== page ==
Tech-loving Singaporeans still prefer to pay in cold, hard cash

To make Singapore a cashless society, the government is now planning to develop a common quick response, or QR, code that can be scanned with smartphones to make payments. By Melissa Cheok


Like Theresa Loh, a 27-year-old sales clerk. She queues up with thousands of Singaporeans everyday at sprawling food courts across the city state that serve up cheap local delicacies like chicken rice and spicy noodle soup.

And like thousands of lunchgoers, she pays in cash. Typically, food stall owners don’t accept anything else, but it’s also Loh’s preferred mode of payment. She says it’s more convenient than swiping her bank card.

Digital devices are often restricted to specific providers and “in cases when you can use them, machines sometimes break down or cannot process a payment, so it’s just easier to stick to cash,” Loh said in an interview as she queued in line to buy fishball noodles.

Preference for cash in Singapore is higher than the 88 per cent average across Asia Pacific, according to a recent report from Paypal Holdings Inc. In Singapore, 43 per cent of those surveyed by Paypal said they use cash most often, compared to 25 per cent in China.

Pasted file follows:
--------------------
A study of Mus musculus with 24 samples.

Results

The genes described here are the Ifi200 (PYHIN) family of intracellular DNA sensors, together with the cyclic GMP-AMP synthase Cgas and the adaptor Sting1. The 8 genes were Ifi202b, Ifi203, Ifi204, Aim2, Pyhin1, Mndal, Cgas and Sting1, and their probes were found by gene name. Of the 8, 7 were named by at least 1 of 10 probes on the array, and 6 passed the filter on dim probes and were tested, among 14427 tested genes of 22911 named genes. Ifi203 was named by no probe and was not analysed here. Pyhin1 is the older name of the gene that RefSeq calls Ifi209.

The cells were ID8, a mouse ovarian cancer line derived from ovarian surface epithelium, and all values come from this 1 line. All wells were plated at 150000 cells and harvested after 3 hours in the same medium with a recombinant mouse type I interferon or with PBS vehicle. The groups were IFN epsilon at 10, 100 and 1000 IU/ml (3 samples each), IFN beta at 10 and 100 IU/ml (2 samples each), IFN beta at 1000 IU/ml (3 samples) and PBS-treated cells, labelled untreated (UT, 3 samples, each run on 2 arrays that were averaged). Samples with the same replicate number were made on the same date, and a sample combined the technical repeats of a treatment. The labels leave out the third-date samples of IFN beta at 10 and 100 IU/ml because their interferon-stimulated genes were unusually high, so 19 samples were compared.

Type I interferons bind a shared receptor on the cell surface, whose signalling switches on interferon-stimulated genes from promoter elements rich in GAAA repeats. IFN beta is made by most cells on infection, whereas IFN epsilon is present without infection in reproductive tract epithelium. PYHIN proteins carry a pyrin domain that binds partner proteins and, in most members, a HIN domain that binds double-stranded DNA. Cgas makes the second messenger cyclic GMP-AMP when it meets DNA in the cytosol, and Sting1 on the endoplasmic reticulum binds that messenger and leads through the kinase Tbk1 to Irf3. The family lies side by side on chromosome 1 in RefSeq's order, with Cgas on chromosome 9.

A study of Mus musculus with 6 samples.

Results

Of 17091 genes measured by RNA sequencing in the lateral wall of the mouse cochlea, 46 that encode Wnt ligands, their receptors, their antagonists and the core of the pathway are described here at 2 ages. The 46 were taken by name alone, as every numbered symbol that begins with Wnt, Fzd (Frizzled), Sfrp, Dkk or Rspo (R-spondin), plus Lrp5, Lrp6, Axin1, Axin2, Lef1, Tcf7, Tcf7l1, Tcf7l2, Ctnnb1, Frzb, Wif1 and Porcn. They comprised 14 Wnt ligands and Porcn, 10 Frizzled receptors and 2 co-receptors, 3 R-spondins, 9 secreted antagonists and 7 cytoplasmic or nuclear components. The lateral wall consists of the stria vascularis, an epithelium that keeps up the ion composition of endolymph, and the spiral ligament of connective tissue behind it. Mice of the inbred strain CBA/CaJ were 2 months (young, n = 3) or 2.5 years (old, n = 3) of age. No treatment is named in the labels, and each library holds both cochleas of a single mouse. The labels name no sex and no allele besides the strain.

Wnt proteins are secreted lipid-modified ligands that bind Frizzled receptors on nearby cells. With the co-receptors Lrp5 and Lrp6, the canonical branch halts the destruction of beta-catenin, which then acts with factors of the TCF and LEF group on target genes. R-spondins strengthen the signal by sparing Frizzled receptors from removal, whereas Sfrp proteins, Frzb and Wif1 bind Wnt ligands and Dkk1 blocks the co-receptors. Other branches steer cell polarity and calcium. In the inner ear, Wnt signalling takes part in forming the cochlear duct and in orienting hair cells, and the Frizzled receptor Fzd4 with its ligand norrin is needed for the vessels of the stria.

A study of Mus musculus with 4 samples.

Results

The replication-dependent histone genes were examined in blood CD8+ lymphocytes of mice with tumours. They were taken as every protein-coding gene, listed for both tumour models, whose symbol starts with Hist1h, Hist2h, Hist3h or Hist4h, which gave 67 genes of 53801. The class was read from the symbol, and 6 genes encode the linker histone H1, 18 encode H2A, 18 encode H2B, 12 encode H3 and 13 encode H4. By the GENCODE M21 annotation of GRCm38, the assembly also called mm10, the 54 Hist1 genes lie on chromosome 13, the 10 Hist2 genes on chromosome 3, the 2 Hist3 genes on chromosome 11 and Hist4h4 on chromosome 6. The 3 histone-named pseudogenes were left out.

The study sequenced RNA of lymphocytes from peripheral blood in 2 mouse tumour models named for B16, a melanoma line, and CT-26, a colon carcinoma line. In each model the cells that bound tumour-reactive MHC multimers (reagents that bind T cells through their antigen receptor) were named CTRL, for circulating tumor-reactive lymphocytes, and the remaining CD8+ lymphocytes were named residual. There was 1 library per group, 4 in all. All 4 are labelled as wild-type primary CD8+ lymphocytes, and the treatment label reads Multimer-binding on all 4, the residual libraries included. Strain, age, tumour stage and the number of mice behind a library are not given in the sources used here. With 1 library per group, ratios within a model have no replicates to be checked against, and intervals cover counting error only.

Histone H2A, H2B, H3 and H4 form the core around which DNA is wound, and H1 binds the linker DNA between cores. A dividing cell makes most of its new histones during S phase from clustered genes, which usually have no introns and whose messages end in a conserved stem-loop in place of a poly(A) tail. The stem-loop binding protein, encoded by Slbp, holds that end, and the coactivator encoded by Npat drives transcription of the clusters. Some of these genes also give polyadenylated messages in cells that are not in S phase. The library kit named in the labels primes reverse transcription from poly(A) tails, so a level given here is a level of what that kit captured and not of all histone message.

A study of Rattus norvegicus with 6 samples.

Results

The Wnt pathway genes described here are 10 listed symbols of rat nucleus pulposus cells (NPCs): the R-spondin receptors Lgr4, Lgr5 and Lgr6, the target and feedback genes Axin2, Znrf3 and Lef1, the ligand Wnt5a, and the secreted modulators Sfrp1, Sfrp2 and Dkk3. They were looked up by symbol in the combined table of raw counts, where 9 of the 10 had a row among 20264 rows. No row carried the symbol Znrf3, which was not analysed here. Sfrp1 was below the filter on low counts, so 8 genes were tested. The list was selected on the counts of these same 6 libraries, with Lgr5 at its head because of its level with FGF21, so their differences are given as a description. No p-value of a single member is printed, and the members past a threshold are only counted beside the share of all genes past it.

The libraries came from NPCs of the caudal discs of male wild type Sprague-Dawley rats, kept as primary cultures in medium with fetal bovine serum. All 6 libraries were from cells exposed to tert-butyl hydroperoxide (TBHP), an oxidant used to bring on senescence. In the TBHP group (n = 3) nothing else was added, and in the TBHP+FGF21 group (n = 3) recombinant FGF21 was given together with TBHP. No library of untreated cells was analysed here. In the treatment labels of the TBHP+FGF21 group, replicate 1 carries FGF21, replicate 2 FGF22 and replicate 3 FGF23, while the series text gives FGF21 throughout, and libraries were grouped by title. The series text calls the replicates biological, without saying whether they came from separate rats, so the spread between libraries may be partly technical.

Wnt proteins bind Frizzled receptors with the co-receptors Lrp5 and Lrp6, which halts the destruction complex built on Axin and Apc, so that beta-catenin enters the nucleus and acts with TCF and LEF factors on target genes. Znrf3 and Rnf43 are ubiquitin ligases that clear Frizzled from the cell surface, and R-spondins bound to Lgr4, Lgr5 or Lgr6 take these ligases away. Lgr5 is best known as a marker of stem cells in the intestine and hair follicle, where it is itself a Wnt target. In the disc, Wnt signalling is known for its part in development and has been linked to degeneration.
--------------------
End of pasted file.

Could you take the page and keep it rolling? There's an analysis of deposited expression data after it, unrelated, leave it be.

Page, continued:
The government wants to change that. Prime Minister Lee Hsien Loong spent a large part of his annual National Day speech last month urging Singaporeans and businesses to embrace new technologies, including electronic payments. He pointed to China, where you can use a mobile-phone app to scan a barcode and buy chestnuts from a Shanghai roadside seller without any exchange of cash.

“In Singapore, we too have e-payments, but we have too many different schemes and systems that do not talk to one another,” Lee said. “So people have to carry multiple cards, and businesses have to install multiple readers. It is inconvenient for consumers, it is costly for businesses. And the result is, most of us still prefer cash and cheques.”

To make Singapore a cashless society, the government is now planning to develop a common quick response, or QR, code that can be scanned with smartphones to make payments, like at the Shanghai vendors. The central bank and other government agencies also recently called for ideas on implementing low-cost electronic payment systems at food courts.

The array of digital payments options available may be part of the problem of why Singaporeans are resistant to going cashless: 63 per cent of Singaporeans cited confusion over payment methods as a reason for sticking to cash, according to Paypal. Even businesses are overwhelmed, with 65 per cent finding it difficult to keep up with current digital payment trends, according to the survey.

Vishnu Varathan, head of economics and strategy at Mizuho Bank Ltd. in Singapore, said the government can help businesses by subsidizing the costs of implementing a unified electronics payments system.

“I don’t think Singaporeans are against it,” he said. “We’re currently comfortable with cash but we just need a push in the right direction.”